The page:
Stand Up for Yourself!
Don’t take this news sitting down: Adding more spells of walking or standing to your day can add years to your life.
Heard this one? Sitting, it seems, is the new smoking. While it’s no surprise that a sedentary lifestyle isn’t good for your health, new research published in the American Heart Association journal Circulation suggests that even regular exercise may not be enough to stave off heart failure. In the study, men who sat for five or more hours a day were 34 percent more likely to develop heart failure than men who sat just two hours a day, no matter how much exercise they got. Translation: If you get in a heart-pumping workout in the morning or evening but sit all day in between (in your car, at home on the sofa), you’re not doing your heart any favors.
Keep up the sweat-inducing workouts for sure, but pay some attention to the rest of your day too. Get up from that chair! Try these strategies recommended by Jacque Ratliff, an exercise physiologist and education specialist with the American Council on Exercise (ACE).
Take a stand. Investigate an adjustable standing desk. The offices at ACE, where Ratliff works, are equipped with desks that allow employees to switch between sitting and standing. If this isn’t an option, look for other out-of-the-chair opportunities. “Stand when you make a phone call, while brainstorming ideas, or every time someone enters your office and wants to chat,” Ratliff suggests.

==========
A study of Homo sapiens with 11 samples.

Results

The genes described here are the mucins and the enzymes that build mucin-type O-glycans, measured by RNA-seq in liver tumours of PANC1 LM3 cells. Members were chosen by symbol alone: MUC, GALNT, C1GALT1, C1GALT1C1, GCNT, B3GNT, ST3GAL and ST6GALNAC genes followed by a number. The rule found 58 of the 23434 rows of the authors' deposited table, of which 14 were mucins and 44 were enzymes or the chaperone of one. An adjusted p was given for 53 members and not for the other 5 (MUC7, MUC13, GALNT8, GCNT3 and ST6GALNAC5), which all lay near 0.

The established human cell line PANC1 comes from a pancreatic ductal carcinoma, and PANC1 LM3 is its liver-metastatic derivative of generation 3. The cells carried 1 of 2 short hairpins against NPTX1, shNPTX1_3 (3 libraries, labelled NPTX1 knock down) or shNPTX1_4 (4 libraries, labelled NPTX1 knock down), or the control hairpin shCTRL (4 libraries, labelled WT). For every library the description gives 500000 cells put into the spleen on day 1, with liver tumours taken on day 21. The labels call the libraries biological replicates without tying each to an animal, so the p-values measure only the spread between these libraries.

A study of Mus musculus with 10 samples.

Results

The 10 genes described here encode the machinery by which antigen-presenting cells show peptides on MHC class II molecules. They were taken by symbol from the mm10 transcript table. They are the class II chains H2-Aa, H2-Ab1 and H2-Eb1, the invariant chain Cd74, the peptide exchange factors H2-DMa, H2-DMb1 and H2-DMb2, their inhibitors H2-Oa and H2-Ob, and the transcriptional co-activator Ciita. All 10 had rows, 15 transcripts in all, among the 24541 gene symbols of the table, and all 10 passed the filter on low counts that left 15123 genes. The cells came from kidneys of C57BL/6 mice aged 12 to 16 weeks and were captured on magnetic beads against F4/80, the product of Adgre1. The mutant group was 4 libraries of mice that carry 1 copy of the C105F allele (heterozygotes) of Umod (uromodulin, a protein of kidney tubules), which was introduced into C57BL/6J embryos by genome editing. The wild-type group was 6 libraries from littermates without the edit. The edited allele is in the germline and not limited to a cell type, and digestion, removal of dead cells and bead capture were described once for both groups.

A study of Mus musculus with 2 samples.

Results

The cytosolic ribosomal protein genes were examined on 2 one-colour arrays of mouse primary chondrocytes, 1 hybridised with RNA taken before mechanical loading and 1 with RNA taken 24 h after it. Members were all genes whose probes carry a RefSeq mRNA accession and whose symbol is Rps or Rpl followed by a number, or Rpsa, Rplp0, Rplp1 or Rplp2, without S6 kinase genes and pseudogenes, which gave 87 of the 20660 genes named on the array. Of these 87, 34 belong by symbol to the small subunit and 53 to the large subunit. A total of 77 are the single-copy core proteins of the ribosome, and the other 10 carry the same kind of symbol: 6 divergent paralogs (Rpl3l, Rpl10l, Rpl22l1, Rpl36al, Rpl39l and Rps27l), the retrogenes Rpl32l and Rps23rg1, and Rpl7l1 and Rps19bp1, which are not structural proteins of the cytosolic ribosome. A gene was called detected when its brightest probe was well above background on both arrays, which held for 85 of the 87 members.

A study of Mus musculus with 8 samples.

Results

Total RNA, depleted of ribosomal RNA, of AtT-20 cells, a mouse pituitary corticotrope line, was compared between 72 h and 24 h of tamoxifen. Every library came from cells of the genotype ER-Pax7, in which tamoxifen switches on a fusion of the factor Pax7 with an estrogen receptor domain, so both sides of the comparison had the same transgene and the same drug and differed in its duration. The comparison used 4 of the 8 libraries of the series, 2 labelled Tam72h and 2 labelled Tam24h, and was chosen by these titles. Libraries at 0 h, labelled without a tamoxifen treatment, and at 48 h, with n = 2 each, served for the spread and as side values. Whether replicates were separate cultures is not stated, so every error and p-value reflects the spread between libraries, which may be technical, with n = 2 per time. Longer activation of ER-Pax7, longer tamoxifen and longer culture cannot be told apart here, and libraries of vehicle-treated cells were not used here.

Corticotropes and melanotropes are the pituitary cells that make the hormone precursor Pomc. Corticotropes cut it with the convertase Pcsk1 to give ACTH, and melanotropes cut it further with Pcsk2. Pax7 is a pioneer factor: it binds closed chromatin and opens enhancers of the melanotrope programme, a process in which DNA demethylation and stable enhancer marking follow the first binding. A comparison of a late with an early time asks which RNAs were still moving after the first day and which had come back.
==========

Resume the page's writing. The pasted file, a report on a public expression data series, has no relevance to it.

Have a ball. Ditch your office chair for an exercise or stability ball. Yes, you’re still sitting, but the instability of being on an inflatable rubber ball engages your core muscles and helps improve balance.
Hold meetings on the go. Don’t just swap your office chair for a similar one in the conference room. Ask coworkers to talk and walk instead of sitting through another meeting. If walking around the office poses too many distractions, go outside and walk around the parking lot or office building.
Step it up. Set aside part of your lunchtime to go for a stroll around the building. Take the stairs to use restrooms located on a different floor. Get off one bus or train stop earlier than needed and walk the rest of the way, or park in the farthest spot from your building.
Set reminders. Because you can easily get caught up in a project and not realize how long you’ve been immobile, a computer program or smartphone application that will remind you to move away from the screen and do something active for a few minutes can be helpful. Two to try: Workrave and Big Stretch Reminder. You could also simply set an alarm on your watch or computer.
Stretch and move. Sitting all day can be hard on your neck and shoulders. Whenever you need a break, get up from your chair and do some neck rolls, shoulder shrugs, wrist circles, and calf stretches. Or try the following yoga poses recommended by Ratliff.
Standing Cow Pose:
- Stand with your legs hip width apart and knees slightly bent.
- Place a hand on each upper thigh with fingertips facing inward.
- Inhale and arch your back, gazing upward. Hold for three breaths.
Standing Cat Pose:
- From Standing Cow Pose, exhale, round your back, and tuck your pelvis under. Your gaze should fall downward toward the floor. Hold for three breaths.
- Repeat this pose sequence for as long as it feels good and time permits.